Even if you’re not a birdwatcher, this is worth checking out.
Hundreds of Pacific great blue herons converged on Stanley Park this spring, for the 13th consecutive year. The enormous wading birds, classified as at risk in B.C., have wingspans up to two metres and are easily identified by their bright blue head feathers and long beaks.
Right now, the herons are busy laying and hatching eggs in their nesting area, not far from Second Beach, near the Stanley Park tennis courts (behind 2099 Beach Ave., to be precise). While sensitive areas are fenced off, it’s still possible to see and hear the giant birds as they tend to their nests and get ready for young to arrive.
Bring a camera, as it’s rare to see so many herons up close. Just watch out for unexpected surprises dropped from above.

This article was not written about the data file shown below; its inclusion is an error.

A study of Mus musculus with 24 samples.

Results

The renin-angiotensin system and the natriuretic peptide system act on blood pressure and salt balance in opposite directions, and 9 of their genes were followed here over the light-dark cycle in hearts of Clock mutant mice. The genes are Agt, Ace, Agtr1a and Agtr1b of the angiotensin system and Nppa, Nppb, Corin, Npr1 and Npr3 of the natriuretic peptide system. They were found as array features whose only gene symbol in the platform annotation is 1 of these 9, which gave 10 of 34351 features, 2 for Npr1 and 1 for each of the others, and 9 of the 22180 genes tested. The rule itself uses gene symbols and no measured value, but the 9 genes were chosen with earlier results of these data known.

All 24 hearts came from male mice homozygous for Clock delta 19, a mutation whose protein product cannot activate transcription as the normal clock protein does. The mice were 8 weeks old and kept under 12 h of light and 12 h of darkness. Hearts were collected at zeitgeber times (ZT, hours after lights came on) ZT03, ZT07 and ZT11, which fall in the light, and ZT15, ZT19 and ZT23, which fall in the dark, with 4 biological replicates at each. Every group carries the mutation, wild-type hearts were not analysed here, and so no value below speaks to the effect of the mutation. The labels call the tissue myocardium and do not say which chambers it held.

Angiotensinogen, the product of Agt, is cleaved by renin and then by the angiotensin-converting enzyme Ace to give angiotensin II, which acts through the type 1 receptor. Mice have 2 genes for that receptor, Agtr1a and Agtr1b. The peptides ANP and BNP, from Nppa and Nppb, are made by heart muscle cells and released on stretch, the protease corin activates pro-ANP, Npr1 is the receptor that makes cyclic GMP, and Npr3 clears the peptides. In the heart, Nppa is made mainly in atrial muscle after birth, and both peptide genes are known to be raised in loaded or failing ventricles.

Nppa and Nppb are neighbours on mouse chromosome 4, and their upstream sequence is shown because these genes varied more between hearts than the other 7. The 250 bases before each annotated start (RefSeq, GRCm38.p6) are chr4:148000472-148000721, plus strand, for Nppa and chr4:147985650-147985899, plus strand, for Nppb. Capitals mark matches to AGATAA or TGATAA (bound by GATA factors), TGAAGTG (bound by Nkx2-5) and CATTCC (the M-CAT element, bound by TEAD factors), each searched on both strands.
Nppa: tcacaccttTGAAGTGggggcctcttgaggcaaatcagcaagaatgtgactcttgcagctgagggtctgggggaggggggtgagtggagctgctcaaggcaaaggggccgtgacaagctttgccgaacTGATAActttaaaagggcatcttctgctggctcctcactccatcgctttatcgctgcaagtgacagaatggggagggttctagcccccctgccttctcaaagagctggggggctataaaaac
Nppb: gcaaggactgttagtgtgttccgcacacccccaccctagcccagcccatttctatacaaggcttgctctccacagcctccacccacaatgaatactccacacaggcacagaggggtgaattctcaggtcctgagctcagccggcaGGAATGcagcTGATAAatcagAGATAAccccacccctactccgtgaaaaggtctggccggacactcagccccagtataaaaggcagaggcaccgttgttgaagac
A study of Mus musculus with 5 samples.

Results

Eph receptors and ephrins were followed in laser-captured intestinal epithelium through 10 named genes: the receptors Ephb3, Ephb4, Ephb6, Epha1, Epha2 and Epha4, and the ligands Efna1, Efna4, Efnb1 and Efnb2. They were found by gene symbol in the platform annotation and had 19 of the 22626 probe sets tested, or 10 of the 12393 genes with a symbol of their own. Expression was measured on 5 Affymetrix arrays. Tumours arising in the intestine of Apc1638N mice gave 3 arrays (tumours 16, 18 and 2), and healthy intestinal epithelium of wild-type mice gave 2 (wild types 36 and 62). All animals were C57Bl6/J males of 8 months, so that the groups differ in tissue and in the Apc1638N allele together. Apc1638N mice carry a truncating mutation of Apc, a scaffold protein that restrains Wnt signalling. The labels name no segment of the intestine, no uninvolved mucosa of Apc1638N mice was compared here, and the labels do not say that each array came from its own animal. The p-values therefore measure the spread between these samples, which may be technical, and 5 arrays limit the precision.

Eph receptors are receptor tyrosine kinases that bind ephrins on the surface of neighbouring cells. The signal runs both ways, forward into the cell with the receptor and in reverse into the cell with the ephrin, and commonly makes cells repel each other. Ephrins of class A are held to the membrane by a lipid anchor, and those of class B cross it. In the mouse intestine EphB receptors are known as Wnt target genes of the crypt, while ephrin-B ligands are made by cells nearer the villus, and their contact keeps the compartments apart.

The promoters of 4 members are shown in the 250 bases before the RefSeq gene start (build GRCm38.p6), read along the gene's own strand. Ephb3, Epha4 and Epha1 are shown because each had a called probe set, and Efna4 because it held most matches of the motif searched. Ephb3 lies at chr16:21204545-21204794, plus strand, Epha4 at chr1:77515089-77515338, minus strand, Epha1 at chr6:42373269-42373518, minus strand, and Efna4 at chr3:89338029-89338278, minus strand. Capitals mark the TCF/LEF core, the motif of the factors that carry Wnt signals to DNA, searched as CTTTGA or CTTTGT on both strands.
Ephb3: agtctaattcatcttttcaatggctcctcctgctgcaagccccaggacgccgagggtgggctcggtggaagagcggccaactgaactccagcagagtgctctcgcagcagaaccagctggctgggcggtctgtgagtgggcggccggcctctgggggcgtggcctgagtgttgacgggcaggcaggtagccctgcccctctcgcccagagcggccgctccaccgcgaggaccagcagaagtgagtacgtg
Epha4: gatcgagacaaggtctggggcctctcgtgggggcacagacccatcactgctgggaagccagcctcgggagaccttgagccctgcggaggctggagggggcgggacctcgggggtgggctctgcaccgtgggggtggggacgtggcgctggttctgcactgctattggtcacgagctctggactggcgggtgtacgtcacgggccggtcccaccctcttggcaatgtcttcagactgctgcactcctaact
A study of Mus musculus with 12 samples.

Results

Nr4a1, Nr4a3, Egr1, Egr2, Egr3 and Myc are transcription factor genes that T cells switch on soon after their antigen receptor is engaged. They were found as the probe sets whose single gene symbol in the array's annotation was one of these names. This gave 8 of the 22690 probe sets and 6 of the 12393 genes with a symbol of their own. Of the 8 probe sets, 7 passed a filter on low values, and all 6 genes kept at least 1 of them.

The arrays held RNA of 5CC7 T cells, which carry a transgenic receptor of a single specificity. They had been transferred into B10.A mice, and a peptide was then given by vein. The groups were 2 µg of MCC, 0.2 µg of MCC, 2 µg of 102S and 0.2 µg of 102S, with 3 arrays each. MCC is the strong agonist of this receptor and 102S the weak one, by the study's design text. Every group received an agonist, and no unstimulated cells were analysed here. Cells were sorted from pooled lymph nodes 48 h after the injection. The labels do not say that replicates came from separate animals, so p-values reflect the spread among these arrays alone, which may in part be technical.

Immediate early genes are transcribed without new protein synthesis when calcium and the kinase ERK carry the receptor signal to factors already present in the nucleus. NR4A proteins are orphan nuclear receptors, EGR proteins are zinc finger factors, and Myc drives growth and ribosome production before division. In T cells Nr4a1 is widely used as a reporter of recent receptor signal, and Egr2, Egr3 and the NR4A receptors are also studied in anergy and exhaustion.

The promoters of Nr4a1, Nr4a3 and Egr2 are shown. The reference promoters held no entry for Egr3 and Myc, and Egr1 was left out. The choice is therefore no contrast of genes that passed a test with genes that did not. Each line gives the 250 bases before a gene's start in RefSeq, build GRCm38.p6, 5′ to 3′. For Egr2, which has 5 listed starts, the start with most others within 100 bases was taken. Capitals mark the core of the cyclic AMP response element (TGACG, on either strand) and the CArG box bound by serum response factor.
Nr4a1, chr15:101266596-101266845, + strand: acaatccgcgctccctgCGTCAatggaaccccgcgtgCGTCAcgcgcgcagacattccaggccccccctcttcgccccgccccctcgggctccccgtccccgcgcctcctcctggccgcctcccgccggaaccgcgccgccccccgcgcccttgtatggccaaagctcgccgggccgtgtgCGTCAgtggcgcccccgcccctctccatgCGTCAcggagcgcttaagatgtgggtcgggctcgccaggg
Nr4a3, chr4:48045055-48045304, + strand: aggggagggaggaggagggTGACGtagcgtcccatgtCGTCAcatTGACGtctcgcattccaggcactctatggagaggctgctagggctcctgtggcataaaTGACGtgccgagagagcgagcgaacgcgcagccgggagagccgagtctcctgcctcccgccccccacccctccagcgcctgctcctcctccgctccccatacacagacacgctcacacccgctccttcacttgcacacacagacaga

The herons return to Stanley Park every year in February-March, when couples court and repair nests from previous years. The birds have been nesting at their current location since 2001 and elsewhere in the park since 1929. Normally shy creatures, these particular herons have grown relatively acclimated to people.
Once hatched, young herons leave their nests in May-June and begin their first clumsy flights. By summer, they’re ready to join their parents in the hunt for frogs, fish and voles along Lost Lagoon and surrounding bodies of water.
Last year, volunteers with the Stanley Park Ecology Society counted 86 pairs of herons. The colony produced 169 fledglings, 69 more than in 2011 and 49 more than in 2010. The herons’ ability to thrive in the face of human disturbance, not to mention natural predators like racoons, owls and bald eagles, has come as a surprise to bird specialists.
Bird lovers can even participate in the Adopt a Heron Nest program, which supports monitoring and study of Stanley Park’s great blue herons.